Guiding the reader through these spaces is the common nat, a Buddhist animist deity from Win’s homeland of Burma, whose small size renders it soulless. In Win’s world, these tiny, overlooked creatures, who warm themselves by a flame or take up residence inside an old trunk, function much like a Greek chorus, underscoring subtle themes and speaking for the deposed, the dispossessed, the loveless and the forlorn — those among us who have forgotten the inherent magic of the living world. When a forest nat “haunts the master closet among the clothes moths and felt wolverines,” Win suggests that our memories of childhood, enigmatic and unreliable as they are, constitute the means by which we all lead inherently haunted lives. These past rooms or vessels consume us, whether they appear as “a storage unit filled with boxes of LPs, Joni, Dylan, Carly, back cover of Jimi Hendrix Experience: on two hits of acid,” or “at the laundromat [where] the stars were huts and I wanted to move there become a hut or a tulip.” Win is not suggesting however that we are the victims of our pasts, but that like the nat, we should learn to occupy the past, to take our place there without shame or guilt; perhaps she is suggesting that to live more squarely in the present, we must inhabit the past and the present simultaneously.
Indeed, at times these poems read very much like nuggets of Buddhist philosophy as though Win were channeling the wisdom of the great Buddhist thinker Pema Chödrön who says that “nothing ever goes away until it has taught us what we need to know.” Win understands this concept better than most — that only by revisiting and unpacking our “spiritual storage units,” perhaps over several lifetimes, can we ever hope to hand off the keys to someone else. Win would argue that within these energized spaces, we learn to grow, haunted as we may be. In one such haunting an “only son trapped in premonition, whispers in the ear, a leap from above,” as though the father with three daughters to whom he whispers secretly longs for a son who never came. This sense of longing at once serene and fierce, brutal and tender, permeates the collection.
Illness also pervades the collection, the sense that the body is at odds with the spirit. An orchestration of corporeal aches and breaks, creaks and sighs, grunts and groans play themselves out in opposition to the soul, whose longing exists forever whereas the body’s does not. “Bone (pantoum),” exemplifies this contradiction poignantly as the poet describes the painful awareness that her own body is breaking down and failing her, but the doctors keep reminding her to take better care of her “human vessel,” because “your fluids are down, dark cherry juice in drops and drips.” The pantoum’s repeated lines, like the body in decline, raise the same questions over and over, but without clearly delineated answers. Thus, Win is forced to confront “bone against bone, the detachment of hips, dislocation of sorrow,” yet within this dislocation, the poet finds herself alive and fighting for her life. Yet Win finds a strange redemption in the imaging center, where “the pointer stick she grips trails (her) twisting spine” and she rests on a metal examining table, whose “coolness hardens into memory.” In Win’s world, every memory, loss, and painful recollection is transformed into a luminous experience.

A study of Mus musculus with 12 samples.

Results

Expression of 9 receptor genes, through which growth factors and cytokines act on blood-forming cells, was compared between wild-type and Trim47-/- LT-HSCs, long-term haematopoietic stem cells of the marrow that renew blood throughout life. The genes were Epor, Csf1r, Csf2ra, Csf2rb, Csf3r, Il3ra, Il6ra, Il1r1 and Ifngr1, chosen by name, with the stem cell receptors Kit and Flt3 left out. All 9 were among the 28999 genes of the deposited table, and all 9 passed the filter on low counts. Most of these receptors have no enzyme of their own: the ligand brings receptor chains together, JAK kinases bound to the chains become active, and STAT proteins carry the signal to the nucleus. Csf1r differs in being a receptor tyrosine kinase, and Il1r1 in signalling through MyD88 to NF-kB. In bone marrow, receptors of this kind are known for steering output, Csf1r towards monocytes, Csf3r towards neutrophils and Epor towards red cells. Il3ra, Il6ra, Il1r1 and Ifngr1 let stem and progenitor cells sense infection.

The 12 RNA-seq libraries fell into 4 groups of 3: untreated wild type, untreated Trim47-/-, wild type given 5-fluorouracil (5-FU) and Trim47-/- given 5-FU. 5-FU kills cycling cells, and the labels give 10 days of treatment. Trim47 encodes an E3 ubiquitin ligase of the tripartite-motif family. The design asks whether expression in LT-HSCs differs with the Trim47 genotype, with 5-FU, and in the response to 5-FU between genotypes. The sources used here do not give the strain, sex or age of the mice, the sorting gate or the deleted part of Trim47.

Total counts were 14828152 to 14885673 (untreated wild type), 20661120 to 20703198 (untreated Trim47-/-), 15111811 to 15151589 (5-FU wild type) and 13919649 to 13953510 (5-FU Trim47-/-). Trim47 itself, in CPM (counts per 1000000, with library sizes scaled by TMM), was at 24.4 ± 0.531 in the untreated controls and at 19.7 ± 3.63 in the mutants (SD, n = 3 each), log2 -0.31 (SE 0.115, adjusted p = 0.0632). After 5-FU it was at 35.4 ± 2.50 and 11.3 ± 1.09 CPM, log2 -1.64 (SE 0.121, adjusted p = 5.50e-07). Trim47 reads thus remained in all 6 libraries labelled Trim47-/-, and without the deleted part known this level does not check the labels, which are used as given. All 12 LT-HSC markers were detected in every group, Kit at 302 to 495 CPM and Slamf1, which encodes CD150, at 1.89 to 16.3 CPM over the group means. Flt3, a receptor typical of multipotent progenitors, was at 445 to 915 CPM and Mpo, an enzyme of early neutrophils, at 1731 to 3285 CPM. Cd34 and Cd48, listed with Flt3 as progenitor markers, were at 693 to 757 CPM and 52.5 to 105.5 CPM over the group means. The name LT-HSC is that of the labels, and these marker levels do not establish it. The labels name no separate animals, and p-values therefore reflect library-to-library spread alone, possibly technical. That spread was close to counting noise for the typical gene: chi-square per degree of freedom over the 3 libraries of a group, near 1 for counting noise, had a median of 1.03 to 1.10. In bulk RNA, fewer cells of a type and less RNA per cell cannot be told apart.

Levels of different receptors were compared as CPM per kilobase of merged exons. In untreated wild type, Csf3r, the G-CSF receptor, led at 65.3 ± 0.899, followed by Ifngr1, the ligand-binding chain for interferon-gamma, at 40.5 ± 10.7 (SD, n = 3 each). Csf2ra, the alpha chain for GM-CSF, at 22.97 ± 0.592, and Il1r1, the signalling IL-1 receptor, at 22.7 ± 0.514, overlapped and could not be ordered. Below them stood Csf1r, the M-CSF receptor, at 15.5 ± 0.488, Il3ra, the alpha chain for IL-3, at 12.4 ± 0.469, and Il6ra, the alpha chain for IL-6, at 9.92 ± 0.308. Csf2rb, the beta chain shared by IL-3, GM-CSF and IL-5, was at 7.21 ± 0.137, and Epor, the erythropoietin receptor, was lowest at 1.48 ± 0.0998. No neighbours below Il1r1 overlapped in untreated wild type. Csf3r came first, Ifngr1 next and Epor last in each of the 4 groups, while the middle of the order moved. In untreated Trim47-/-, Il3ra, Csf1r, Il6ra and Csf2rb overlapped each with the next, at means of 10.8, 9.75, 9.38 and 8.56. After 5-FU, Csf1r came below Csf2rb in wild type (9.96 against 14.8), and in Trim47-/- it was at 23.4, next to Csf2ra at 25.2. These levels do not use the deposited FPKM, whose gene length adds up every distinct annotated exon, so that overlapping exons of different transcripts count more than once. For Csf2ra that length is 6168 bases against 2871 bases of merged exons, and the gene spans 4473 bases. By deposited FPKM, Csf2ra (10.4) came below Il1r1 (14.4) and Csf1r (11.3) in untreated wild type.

It is as though Win operates a time machine, moving through the experiences of her life with great alacrity, erring always on the side of self-awareness and wisdom. Win longs for memory the way some people long for wealth or fame. One has the sense that it is an essential component of her daily life. So too is the belief that optimism and joy are vital to human existence, which we see whether she is “riding her wooden bicycle along the dust path,” or listening to the “sound of coworkers arguing in the bathroom.” From these simple moments, the poet derives a sense of peace, however fleeting it may be.
Ultimately, one has the sense that Win’s storage units, as varied and unusual as they are — large or small, full or empty, inhabited or uninhabited — represent moments of necessary stillness in a world where achieving stillness, or self-reflection seems almost impossible. It is as though Win were instructing us to tend to our own souls, to nourish them, to surround ourselves with beauty, even if that beauty is ringed in sadness. Like the nats that inhabit these spirit houses, we must all “zoom through the house with pocket knives, tamarind seeds, green bananas,” in order to be truly engaged with the world that surrounds us. After all, the world is as much within us as we are in the world.
Eve Wood’s art criticism has appeared in many publications, including The New York Review of Books, Angeleno Magazine, Flash Art, Tema Celeste, Whitehot Magazine, Bomb, and Artillery. She is the author of five books of poems from university presses and her poems have appeared in Best American Poetry, 1997, Antioch Review, Poetry, New letters, Witness, Confrontation, and many other venues. Also a visual artist, her work has been exhibited at Susanne Vielmetter, Western Project, Angles Gallery, Vincent Price Museum, and Western Carolina Museum.